Katrina Amos, Airport Staff, and Rust Media present update on SkyWest contract and image rebranding at Monday's City Council Meeting.
City of Cape Girardeau
Katrina Amos, CGI Staff, and Rust Media at Cape's City Council Meeting presenting updates on the airport's constructional project and rebranding designs.

On March 10, Cape Girardeau Regional Airport announced that due to rising fuel prices across the United States caused by the Russian Oil Ban, in addition to the ongoing industry pilot shortage, regional partner Skywest Airlines had planned to terminate its service at CGI, leaving flight services to end within 90 days.

The City Cape announced their plans to partner with a new airline service to return to their regular scheduling.

Less than a week after the announcement, The US Department of Transportation barred SkyWest from terminating flights to and from its regional locations.

Under the Essential Air Service program, the Department of Transportation guarantees smaller communities access to the national transportation grid to a minimal level of scheduled air service.

At Monday’s City Council Meeting, Katrina Amos, Manager of Cape Girardeau Regional Airport along with various airport personnel clarified the future of the SkyWest partnership, introduced upcoming developmental projects, and proposed a plan for the airport's rebranding.

Amos explained that despite the SkyWest barring confusion, the airport is continuing their search for a new airline carrier within the next 90 days.

“Essential Air Service is out for bid right now, along with a holding order, so the Department of Transportation has issued a hold in order for SkyWest and they will not vacate until we have another carrier in place,” said Amos. “We're working with Lear Aviation Consulting to assist them with securing another service that will give us the same service we've come to expect from Sky West and premium carriers.”

Amos said that while the airport continues to search for carriers, four have already been approached and CGI plans to announce them in the next coming weeks.

At the meeting, Amos provided an update on the airport’s ongoing terminal project. The project’s next step is to build a 18,300-square-foot passenger terminal, growing the opportunity to provide additional flights to even more destinations.

“We are currently reviewing with staff from the Development Review Group, so we will be finalizing that within the next couple of weeks and then we hope to have it out to bid sometime in May,” said Amos.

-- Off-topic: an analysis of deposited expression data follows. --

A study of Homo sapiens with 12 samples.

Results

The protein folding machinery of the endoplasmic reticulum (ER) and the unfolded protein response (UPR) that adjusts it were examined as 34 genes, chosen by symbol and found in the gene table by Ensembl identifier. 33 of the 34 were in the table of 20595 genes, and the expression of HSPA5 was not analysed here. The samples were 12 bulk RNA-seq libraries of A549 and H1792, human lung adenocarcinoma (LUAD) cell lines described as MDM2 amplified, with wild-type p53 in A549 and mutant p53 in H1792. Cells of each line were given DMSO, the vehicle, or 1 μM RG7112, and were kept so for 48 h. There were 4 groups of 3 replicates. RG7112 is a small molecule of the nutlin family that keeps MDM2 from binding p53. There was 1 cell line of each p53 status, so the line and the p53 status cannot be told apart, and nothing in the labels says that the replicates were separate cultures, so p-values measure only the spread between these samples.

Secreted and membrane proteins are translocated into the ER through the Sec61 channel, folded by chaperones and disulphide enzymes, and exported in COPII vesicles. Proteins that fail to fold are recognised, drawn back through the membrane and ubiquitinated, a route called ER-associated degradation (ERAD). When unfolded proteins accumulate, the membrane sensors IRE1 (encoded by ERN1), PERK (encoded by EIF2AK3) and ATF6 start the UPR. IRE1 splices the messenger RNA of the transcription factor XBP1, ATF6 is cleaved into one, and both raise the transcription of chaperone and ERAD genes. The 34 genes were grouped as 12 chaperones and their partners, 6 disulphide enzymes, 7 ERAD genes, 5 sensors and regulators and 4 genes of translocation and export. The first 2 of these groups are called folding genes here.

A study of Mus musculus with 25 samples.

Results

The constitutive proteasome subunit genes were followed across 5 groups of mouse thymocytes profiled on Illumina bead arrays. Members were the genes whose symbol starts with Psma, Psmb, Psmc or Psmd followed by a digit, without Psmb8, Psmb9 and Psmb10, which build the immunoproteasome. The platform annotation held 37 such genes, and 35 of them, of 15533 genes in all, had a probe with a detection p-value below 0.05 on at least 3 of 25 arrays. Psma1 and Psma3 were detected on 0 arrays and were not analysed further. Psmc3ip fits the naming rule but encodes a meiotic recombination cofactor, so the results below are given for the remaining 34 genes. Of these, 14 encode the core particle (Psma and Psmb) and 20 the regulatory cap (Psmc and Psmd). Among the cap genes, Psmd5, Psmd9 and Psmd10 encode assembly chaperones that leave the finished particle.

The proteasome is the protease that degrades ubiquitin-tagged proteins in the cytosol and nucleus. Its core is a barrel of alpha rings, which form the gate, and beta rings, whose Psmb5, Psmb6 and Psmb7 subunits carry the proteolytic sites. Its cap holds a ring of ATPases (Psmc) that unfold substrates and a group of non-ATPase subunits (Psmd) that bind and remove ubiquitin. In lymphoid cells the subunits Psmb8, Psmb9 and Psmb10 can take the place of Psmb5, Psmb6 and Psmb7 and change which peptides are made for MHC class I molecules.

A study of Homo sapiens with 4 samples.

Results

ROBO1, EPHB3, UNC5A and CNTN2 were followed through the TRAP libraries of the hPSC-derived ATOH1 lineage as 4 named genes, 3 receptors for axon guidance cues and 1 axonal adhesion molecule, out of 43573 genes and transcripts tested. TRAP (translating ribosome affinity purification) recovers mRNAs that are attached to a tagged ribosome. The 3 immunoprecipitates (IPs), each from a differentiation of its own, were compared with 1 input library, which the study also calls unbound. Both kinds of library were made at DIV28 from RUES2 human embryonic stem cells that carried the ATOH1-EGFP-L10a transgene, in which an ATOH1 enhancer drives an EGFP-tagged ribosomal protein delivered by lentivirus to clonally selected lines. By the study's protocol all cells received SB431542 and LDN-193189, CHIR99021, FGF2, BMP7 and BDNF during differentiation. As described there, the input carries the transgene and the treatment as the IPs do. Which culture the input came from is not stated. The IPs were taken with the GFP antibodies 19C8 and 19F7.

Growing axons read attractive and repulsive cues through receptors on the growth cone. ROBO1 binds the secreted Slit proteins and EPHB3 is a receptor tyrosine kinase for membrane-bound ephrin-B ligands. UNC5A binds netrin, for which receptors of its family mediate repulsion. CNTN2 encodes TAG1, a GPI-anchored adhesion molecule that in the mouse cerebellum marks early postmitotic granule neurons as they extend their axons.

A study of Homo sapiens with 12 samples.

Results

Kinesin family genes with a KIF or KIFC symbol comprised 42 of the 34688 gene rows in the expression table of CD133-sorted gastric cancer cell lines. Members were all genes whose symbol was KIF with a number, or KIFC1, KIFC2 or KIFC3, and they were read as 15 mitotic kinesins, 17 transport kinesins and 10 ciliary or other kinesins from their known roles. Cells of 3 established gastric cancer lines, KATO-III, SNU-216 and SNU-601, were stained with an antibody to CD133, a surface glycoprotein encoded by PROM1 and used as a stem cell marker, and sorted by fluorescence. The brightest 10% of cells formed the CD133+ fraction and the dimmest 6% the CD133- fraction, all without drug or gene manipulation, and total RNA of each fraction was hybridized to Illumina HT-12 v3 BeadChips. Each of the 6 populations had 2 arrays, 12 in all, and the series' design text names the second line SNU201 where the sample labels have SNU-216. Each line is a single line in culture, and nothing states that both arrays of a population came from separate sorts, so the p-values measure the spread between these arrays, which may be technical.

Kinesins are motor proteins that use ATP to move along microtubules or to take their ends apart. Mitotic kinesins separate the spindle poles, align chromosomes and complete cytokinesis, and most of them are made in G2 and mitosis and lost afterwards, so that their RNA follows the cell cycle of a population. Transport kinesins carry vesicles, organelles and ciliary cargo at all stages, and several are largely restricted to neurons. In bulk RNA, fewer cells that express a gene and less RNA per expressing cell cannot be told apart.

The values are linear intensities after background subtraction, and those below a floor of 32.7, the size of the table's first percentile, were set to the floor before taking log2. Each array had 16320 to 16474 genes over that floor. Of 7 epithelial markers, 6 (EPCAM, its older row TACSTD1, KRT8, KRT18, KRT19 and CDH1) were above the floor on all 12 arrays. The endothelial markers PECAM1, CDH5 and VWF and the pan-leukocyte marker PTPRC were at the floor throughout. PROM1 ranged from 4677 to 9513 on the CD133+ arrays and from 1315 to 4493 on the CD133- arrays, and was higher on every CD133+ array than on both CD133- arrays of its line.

The airport is also formulating a development plan for constructing a Tee Hanger, an enclosed structure designed to hold aircraft in protective storage.

Amos says that the design for the Tee Hanger will be presented and open for review at the coming April council meeting.

Amos also said community members can expect the final upcoming project, an airport restaurant, to be open in the next 3 weeks.

At the end of the presentation CGI staff and Jeff Rossen of Rust Media shared a report on the year-long project to revamp the airport's branding.

“We've been through a lot of design blog concepts, a lot of brainstorming, thinking through not only what a logo represents and a brand represents in an organization, but how it can live in the future, so everything we've built here was built around the idea of growth,” said Rossen. “How do we retain and celebrate our history, our geographic location, but then at the same time, open ourselves up for growth, and how we can continue to draw people to our region, and help folks in our region explore the rest of the world?”

The design team used the imagery of a plane ticket which shows two destinations, an arrival and departure separated by airline call letters, connected through a line and graphic of an airplane.

“It really came from this idea of the traditional boarding pass and kind of really drew from that idea of connection. Point A to Point B, kind of keeping up with your progress,” said Rossen. “We knew we wanted to take this idea of what the airport has been in the past in Cape Girardeau and tie that with what is coming in terms of architecture, new buildings, new spaces, new frontiers, and this idea of this kind of limitless ceiling,”

The new branding also includes the new slogan, ‘Fly CGI’.

The design team presented a variety of images of airport amenities in which a version of the logo could be incorporated, including an airport shuttle, a restroom sign, a billboard and an airport control tower.

Cape Girardeau City Council
Cape Girardeau City Council

After the presentation City council ward 4 member Robbie Guard spoke on the airline’s rebranding project saying that it was a “much-needed and overdue makeover.”

When asked about funding the rebranding process, Amos said that the airport had already prepared and allocated the costs for the new logos and designs.

“Why it's a good time to roll this out now, is because we can incorporate it in the projects that we already have allocated funds for, so that's not an additional cost,” said Amos. “It is unfortunate that at this time we're having to reallocate some of our budget to recruiting a new airline but that's only for a short while. Once we get that lined out, I feel confident that we have the resources necessary to put together a full, fully robust campaign so that we can get that CGI brand out there to everyone,” said Amos.

Cape Girardeau City Council’s next meeting will take place during the first Monday in April where the regional airport is expected to present the next steps in their infrastructure and design projects, as well as provide an update on the new partnering airline.